I was talking with a friend a couple months back about breakups. She told me her last boyfriend cheated on her, and even though she was pissed and over it, she never would love anyone as much as she loved him. I found the sentiment strange and said as much. “No,” she said, “You don’t understand, I loved him.”
I’ve never been much of a romantic. My mother says I was born old and I think that applies here: I know that gushy romance wears poorly over time and eventually you have to learn to settle down into deeper love of older age. Still, I wonder how much that sentiment has to do with the fact that the early stage of my marriage didn’t have many butterflies and rainbows. Either way, I think that explains in part why I couldn’t get my head around my friend’s sentiment.
Since the divorce, people have asked me if I miss her or still love her or something like that. Simply put, I don’t, and I got over it rather quickly.
That doesn’t mean I didn’t find the whole thing heartbreaking or that I wasn’t in anguish for the entirety of that miserable summer as I wandered between the gym and a bottle of gin. It was eros and thanatos throbbing all at once: get in shape for the next girl; ugh, life is the worst; best drown it out.
I’d seen friends go through breakups before (not broken marriages, but still) and I knew at least in theory how bad it could be. You have a wonderful woman that you can’t live without, things start going sideways, you scramble, and then poof she’s gone. But she’s not really gone because she’s over there on the other side of the quad. Or she’s across town enjoying an evening with friends. Maybe, just maybe, she will come back to you; it could still work out in the future. But you can’t help yourself and to fill the gap you start dating here and there, but rather half-heartedly. That other girl is still in the back of your mind.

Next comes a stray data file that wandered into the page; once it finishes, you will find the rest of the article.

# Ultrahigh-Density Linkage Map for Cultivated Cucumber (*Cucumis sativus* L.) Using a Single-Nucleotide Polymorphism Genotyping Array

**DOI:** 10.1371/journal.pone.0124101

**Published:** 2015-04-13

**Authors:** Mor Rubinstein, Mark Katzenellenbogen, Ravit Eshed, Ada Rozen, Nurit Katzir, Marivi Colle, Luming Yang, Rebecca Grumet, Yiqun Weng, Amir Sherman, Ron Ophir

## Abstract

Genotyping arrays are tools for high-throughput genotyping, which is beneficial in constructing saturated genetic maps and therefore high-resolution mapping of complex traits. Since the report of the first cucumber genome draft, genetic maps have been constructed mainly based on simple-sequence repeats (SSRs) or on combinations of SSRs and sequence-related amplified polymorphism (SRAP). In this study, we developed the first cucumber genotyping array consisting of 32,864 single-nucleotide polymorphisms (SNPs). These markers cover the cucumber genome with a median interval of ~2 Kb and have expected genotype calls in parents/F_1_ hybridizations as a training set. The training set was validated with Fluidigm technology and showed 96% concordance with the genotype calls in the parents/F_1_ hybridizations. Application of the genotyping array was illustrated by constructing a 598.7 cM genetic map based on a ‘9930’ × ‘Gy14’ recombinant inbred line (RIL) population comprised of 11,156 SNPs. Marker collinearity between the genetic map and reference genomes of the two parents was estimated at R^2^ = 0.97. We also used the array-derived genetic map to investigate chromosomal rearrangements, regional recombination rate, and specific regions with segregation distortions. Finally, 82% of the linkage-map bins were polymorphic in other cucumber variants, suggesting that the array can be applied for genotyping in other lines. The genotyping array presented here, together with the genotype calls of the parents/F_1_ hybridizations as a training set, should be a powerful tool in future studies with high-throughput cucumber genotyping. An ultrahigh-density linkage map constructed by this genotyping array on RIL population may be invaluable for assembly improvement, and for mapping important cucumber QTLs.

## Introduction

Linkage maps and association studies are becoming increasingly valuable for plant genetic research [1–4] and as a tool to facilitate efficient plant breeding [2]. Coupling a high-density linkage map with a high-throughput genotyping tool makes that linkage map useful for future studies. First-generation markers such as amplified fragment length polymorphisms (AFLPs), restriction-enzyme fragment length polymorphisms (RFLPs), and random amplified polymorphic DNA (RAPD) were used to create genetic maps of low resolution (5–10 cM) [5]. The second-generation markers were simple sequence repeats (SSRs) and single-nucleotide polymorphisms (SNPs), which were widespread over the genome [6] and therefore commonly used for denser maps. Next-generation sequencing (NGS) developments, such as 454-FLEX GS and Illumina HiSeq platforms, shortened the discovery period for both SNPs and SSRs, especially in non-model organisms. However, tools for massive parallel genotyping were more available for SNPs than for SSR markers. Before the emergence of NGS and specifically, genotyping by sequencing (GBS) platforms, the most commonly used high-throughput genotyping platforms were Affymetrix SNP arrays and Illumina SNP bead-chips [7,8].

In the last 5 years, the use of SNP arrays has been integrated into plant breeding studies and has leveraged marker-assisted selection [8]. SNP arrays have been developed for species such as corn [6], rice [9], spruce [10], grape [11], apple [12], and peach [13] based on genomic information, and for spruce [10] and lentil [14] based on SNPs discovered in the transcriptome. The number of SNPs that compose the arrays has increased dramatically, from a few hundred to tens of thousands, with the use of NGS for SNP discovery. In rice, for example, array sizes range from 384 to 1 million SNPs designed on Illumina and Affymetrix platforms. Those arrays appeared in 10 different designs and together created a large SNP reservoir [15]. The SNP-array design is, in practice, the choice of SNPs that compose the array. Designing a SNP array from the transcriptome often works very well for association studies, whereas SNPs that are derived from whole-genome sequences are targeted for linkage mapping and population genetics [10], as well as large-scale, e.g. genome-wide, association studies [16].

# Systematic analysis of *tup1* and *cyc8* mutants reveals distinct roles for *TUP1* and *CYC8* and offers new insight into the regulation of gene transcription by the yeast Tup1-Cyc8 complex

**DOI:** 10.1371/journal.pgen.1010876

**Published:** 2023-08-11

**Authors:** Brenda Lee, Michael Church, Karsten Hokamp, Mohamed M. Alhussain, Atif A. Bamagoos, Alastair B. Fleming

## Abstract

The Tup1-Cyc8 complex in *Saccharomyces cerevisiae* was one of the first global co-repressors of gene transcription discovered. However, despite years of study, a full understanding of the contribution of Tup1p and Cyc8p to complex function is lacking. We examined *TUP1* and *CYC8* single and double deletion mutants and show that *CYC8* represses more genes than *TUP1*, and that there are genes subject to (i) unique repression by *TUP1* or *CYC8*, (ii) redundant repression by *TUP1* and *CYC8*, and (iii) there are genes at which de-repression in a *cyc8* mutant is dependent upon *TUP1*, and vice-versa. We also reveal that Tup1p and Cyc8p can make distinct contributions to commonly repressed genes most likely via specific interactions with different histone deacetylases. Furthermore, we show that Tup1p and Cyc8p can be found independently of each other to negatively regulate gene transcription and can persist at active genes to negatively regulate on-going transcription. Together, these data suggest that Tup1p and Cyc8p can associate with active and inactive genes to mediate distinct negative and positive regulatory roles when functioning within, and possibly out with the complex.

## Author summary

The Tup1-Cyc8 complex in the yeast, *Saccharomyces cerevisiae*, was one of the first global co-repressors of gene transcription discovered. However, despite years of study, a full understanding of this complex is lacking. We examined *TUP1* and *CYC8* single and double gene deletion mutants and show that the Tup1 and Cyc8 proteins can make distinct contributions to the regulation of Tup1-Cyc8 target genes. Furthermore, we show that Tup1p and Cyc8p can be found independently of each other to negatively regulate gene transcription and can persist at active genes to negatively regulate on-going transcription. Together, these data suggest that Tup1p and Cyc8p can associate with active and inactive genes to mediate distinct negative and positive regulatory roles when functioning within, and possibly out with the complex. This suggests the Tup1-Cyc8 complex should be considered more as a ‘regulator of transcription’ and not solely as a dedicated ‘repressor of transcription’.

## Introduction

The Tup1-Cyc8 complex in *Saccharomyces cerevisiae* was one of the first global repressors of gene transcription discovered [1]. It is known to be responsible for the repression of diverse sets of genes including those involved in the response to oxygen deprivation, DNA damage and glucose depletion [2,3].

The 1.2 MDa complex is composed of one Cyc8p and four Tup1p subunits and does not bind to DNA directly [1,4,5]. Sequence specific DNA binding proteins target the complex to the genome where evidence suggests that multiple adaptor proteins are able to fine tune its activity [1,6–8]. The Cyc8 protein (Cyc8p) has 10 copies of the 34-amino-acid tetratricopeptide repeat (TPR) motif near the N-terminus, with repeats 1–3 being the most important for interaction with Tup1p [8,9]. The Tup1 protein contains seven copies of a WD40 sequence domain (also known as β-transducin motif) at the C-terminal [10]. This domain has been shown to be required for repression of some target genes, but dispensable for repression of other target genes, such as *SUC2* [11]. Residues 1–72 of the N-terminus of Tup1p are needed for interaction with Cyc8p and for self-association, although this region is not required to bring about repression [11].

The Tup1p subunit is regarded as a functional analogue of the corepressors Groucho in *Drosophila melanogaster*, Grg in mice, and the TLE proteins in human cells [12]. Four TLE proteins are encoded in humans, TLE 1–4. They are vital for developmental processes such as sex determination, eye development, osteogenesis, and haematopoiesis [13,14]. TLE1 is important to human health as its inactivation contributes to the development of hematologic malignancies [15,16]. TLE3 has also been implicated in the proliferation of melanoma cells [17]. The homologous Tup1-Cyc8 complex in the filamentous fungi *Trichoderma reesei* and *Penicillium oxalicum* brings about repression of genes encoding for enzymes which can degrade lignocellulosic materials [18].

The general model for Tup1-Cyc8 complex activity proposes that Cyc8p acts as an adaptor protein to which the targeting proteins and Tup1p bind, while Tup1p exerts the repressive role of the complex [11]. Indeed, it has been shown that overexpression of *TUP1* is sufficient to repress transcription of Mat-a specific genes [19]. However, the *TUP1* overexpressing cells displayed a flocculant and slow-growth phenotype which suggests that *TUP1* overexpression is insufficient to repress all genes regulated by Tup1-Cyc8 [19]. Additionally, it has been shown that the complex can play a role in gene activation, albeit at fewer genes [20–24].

Here’s the thing, though: that good, kind, honest, caring woman you love still exists. It just didn’t work out for religious reasons, or whatever. She’s still a good, no, great woman. If she came to you today and wanted to get back together, you’d probably propose on the spot.
In my case the woman I married had all but disappeared. “Who is this person?” I wondered to myself many a time. She wondered the same thing out loud to me once, so it was comforting to know I wasn’t the only one mystified. And frankly, if I met her today for the first time, I’d find her interesting, but would never even consider getting involved, especially in light of her rationale for ending the marriage: “Well, I just wasn’t in love anymore.” In this way it’s more like a death in the family than a breakup. Is it sad? Absolutely. But there’s no sense pining after a person that no longer exists.
Plus there is the loyalty business. That sort of betrayal will never sit well with me.
That said, she’s not a monster. She has some great qualities and amusing personality traits. And I do have some fond memories of doing things with and for her: that year in Korea, that vacation to Italy, hauling an oversized headboard across NYC and the smile and thanks she gave. But she no longer exists in that state or is there to share the memories (do you remember when we…?). So the memories lose significance and fade but the lessons are not forgotten as I move on warily: Fool me once, shame on you. Fool me twice….
My friend. She’s not stupid for being in love with that one guy. Maybe unrealistic since there is an almost religious faith to her feeling that transcends his douchery. But we all want that so badly—a way out of betrayal.
But that’s life. Betrayal. Does it have to be that way? A toss of the dice?